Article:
With KTLA drama behind her, the countdown is on for Lynette Romero’s KNBC debut
Lynette Romero, whose departure from KTLA-TV Channel 5 last month rattled local TV news and ended with co-anchor Mark Mester getting fired, sounds delighted to be gearing up to start her new anchor gig on KNBC-TV Channel 4.
“The countdown to my @nbcla debut really has been a dream come true,” Romero gushed Thursday on Instagram. “I have been welcomed with a giant warm hug.”
She also posted video she described as “the first of several promos that our talented team turned around in a flash.”
Romero also promised viewers, “I’m definitely in good hands. Standby for more! I wasn’t kidding when I said our #nbcla team is amazing.”
Mark Mester, a co-anchor on KTLA’s popular weekend morning show, went off script over the weekend to talk about Lynette Romero’s sudden departure.
On Monday, KNBC will welcome her to “Today in L.A.” starting at 4 a.m. Pacific. Along with anchor Adrian Arambulo, meteorologist Belen De Leon and traffic anchor Robin Winston, Romero will co-anchor the broadcast weekdays from 4 to 7 a.m.
In addition to its spot at Channel 4 on the TV dial or cable box, the show can be seen live via nbcla.com or the KNBC mobile app. Both will have a link to “Today in L.A.” on the homepage during hours the show is live.
Encores of “Today in L.A.” will stream on Peacock, Roku or Samsung TV Plus — just hunt for the NBC Los Angeles News channel.
Longtime anchor Lynette Romero’s abrupt exit from KTLA kicked off a hectic week that ended with the firing of her former co-anchor, Mark Mester.
In mid-September, Romero unceremoniously left KTLA, which airs L.A.’s top-rated local morning news show, without saying goodbye to the audience that had known her for more than two decades.
“After nearly 24 years, Lynette Romero, our friend Lynette, has decided to move on from anchoring our weekend morning news,” news director Pete Saiers wrote in a statement that was read on air by entertainment reporter Sam Rubin during a Sept. 14 segment. (Saiers later said that KTLA offered to send a camera to Romero’s home so that she could record a farewell message, but she declined.)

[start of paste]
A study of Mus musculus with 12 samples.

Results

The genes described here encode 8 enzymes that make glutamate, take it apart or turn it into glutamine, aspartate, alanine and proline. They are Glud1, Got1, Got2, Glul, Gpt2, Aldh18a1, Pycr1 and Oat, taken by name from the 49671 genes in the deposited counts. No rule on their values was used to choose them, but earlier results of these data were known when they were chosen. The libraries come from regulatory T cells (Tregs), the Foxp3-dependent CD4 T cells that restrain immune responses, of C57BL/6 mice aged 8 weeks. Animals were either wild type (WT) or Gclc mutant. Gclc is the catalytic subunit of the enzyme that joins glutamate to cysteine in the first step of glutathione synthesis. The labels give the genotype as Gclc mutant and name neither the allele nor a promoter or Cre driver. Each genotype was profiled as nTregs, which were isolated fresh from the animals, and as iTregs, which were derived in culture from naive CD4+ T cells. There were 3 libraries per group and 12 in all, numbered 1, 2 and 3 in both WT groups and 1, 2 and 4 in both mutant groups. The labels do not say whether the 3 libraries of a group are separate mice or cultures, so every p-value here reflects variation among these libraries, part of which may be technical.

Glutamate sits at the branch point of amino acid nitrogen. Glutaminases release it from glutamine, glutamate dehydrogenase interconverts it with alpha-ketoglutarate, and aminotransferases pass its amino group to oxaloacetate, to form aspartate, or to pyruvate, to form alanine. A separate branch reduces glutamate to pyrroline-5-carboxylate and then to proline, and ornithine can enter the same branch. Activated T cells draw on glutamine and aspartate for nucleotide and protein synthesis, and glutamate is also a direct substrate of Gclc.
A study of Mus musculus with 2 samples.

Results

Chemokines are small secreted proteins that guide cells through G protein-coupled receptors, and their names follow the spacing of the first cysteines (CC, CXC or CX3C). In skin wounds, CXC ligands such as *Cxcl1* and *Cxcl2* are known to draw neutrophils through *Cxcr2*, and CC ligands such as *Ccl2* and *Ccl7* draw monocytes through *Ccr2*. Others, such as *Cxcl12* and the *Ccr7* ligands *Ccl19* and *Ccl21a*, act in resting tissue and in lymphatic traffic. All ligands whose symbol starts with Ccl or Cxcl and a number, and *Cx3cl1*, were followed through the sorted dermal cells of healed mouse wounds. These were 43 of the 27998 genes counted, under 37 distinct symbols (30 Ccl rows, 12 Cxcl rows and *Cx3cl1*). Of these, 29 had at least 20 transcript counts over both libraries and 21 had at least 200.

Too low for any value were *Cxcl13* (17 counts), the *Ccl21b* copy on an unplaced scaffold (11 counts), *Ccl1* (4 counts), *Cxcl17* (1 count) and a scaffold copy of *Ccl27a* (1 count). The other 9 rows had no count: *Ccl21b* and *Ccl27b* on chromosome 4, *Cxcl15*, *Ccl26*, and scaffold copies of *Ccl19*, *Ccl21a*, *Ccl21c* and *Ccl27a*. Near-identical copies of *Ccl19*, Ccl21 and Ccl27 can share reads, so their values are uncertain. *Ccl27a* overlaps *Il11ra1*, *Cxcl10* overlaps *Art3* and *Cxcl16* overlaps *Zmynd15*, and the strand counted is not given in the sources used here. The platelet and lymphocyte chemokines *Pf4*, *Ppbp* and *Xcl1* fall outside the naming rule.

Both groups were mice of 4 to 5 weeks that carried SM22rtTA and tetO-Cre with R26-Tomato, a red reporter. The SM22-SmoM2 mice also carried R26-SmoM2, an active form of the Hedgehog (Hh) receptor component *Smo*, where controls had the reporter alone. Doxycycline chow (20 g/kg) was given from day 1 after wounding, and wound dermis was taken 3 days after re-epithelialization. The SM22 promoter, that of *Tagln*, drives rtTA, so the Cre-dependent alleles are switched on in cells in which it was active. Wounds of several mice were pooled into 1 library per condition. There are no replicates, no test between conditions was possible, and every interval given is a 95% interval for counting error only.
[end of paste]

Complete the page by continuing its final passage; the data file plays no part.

“KTLA management had hoped she would stay here her entire career, and KTLA worked hard to make that happen,” Rubin continued. “But Lynette has decided to move to another opportunity elsewhere. Lynette, we wish you luck, we miss you and we thank you for everything you’ve done for KTLA. ... On behalf of everyone here, we wish you and your family nothing but the best.”
KTLA rebuffed a request by a Southern California Latino journalists group to meet with station executives to discuss diversity.
Outrage and criticism of the channel followed — from viewers and also from Romero’s weekend co-anchor, Mester.
During the 8 a.m. hour of the Sept. 17 broadcast, where he was supposed to read a script over a montage of Romero’s work, Mester instead launched into a nearly four-minute monologue. He said that the handling of the weekend veteran’s exit “was rude, it was cruel, it was inappropriate and we are so sorry.”
He also apologized to Romero, whom he called “his best friend,” and begged for her forgiveness. “You did not deserve this, it was a mistake,” he said.
KNBC announces that anchor Lynette Romero, who abruptly left crosstown rival KTLA, will join its early newscast, ‘Today in L.A.,’ on Oct. 10.
Mester was suspended immediately via a text message and then fired days later. He has been silent on social media since and has not responded to multiple inquiries from The Times.
Also keeping a low profile on social media after her KTLA departure, Romero announced her move to KNBC on Sept. 27.
“I know you’ve been worried about me, and I want you to know I’m OK,” she said in a video message to fans about her next job. “This is good news. ... I have a new family. I have a new home.”
Times staff writer Jonah Valdez contributed to this report.